By Gonca Gursun
Developing AI products within large organizations is a completely different process than developing stand-alone solutions within start-ups or writing code for your Ph.D. work for that matter. There are various reasons why it is a different—and oftentimes more complex—process.
First and foremost, large organizations are large because they already have products/solutions in their domain of operation. For such organizations, AI is often a tool, an enabler for improving their existing products. Second, almost no team or department drives product development by itself. In large organizations, product development requires many teams to collaborate.
I have been developing autonomous driving solutions for the past three years in a giant automotive manufacturing company. Here are a few notes on my experience in building AI-based products.
Know the domain well or know someone who knows it well
Chances are, as an AI expert, you have been developing and optimizing generic models such as deep neural networks, which is great because, hey, you can apply them in any context, right? Well, as you move into the product space, you will soon realize that the performance of a product is assessed differently than the performance of a generic model. At the end of the day, a product is only as good as its sales.
For instance, if you are working in an automotive company, before you jump in with your autonomous driving solutions, first you need to educate yourself about the existing driving assistance products, their capabilities, pain points, data collection methods, customer requirements, release processes, even some legal regulations in various countries. The good news is in large organizations, there are many domain experts you can talk to gain such domain knowledge.
Start simple, very simple
Chances are what you are working on is not the first of its kind. Your organization already has a product for its customers, but it is looking for a more efficient and less costly way of developing it. Just because there is a new AI-based concept around it, they are not going to throw away the existing products and deploy the state-of-the-art AI solution from scratch.
Therefore, replacing a product, especially a complex engineering product, with the state of the art, pure data-based solutions almost never happens over the short term. However, you can still make your way into the existing development with your AI expertise. And the key is to start simple, very simple. Once you gain a good understanding of the domain as mentioned above, you can identify one or two problems to address with simple, off-the-shelf machine learning methods.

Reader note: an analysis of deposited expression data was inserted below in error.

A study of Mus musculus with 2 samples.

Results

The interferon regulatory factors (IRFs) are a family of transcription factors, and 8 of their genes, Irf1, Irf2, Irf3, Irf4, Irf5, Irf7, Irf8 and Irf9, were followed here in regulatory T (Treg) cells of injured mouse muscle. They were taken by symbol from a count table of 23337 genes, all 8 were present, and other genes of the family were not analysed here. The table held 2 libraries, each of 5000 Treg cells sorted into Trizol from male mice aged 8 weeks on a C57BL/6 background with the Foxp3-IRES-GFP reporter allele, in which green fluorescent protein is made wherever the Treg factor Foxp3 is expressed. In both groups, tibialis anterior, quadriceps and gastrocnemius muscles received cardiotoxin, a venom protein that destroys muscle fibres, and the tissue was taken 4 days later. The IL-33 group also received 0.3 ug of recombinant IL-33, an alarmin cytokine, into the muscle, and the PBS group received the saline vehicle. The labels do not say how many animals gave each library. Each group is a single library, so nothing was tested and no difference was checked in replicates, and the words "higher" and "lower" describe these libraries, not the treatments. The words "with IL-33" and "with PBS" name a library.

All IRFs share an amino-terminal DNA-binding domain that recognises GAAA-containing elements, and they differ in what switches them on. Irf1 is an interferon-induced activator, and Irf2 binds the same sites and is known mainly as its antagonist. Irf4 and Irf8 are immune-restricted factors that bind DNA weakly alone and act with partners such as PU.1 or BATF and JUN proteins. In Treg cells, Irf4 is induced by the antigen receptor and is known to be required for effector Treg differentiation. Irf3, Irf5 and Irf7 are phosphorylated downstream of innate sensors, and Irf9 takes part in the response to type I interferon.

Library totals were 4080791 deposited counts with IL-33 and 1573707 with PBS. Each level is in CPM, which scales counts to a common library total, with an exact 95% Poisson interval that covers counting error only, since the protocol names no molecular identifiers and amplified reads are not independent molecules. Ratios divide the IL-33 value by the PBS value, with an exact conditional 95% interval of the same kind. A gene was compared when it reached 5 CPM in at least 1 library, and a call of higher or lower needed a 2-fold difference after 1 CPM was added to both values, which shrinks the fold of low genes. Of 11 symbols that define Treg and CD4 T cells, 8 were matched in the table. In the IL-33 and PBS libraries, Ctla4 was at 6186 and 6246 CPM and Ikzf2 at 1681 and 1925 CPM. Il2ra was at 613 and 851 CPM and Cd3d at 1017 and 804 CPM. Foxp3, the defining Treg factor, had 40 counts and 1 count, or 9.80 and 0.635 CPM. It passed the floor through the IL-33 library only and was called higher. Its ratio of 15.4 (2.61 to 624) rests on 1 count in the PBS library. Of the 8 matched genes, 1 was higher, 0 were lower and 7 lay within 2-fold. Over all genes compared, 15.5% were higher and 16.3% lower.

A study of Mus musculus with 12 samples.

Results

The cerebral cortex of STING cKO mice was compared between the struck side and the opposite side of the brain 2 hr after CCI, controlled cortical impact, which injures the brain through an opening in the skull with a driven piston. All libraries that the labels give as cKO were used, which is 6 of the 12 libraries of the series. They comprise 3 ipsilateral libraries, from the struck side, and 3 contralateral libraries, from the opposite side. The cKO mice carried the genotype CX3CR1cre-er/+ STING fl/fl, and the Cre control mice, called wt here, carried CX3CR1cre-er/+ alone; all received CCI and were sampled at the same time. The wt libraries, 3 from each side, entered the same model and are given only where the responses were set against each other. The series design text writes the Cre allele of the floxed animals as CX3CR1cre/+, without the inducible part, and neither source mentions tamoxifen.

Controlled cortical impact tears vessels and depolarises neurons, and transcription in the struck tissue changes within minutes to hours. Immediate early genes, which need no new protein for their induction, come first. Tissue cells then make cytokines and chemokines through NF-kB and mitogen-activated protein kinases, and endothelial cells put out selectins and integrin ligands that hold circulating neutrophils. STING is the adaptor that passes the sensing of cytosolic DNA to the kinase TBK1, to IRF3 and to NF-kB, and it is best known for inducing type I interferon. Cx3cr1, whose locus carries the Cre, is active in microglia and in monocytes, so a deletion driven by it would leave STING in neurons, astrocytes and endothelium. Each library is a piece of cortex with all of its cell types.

Think of this as your “minimum viable product” but in this case replace “product” with “ml method”. There are two upsides to doing so. First, you get to check whether an AI-based solution makes sense by playing with the data and formalizing the problem without putting too much effort into building complex models. Second, simple models are often easier to explain and therefore less intimidating to your fellow non-AI domain experts.
First build trust and then a transfer pipeline
So far, you’ve made the effort to understand the domain, showed some improvements in a few aspects of the product with your simple AI models and explained why your models make sense to your fellow domain engineers and business units. In a way, at this point, you’ve established trust with them. Use that trust to build continuous transfer pipelines.
A transfer pipeline is an interface from your AI solution to the product’s simulation and test environment. In such test and simulation environments, the performance of the product is evaluated with a set of key performance indicators. And to your surprise, oftentimes, these indicators are different from the standard machine learning evaluation metrics. It would require another post to explain the interplay between the ML evaluation metrics and system performance indicators, but let me say that these indicators matter the most.
From there on, having a rapid integration pipeline into the test and simulation environment and evaluating with the system performance indicators will guide your model development. It will give you hints on what types of models and architectures make sense. In other words, it will structure your development process and save you from spending time and energy on building complex models with no clear benefits for the product.
Finally, as you might have already distilled from the points above, a successful deployment of AI solutions within a large organization requires a lot of good, effective communication with others. You will probably need to attend many meetings just to align around the product goals. For many AI developers it feels like an overhead, but it really is at the core and accepting that from the start makes the development process more enjoyable!
About the author
Dr. Gonca Gursun is a research scientist/product owner at the Bosch Center of Artificial Intelligence. Gonca, with her team, develops artificial intelligence-based autonomous driving solutions. Gonca writes about AI technologies and products on Twitter and LinkedIn.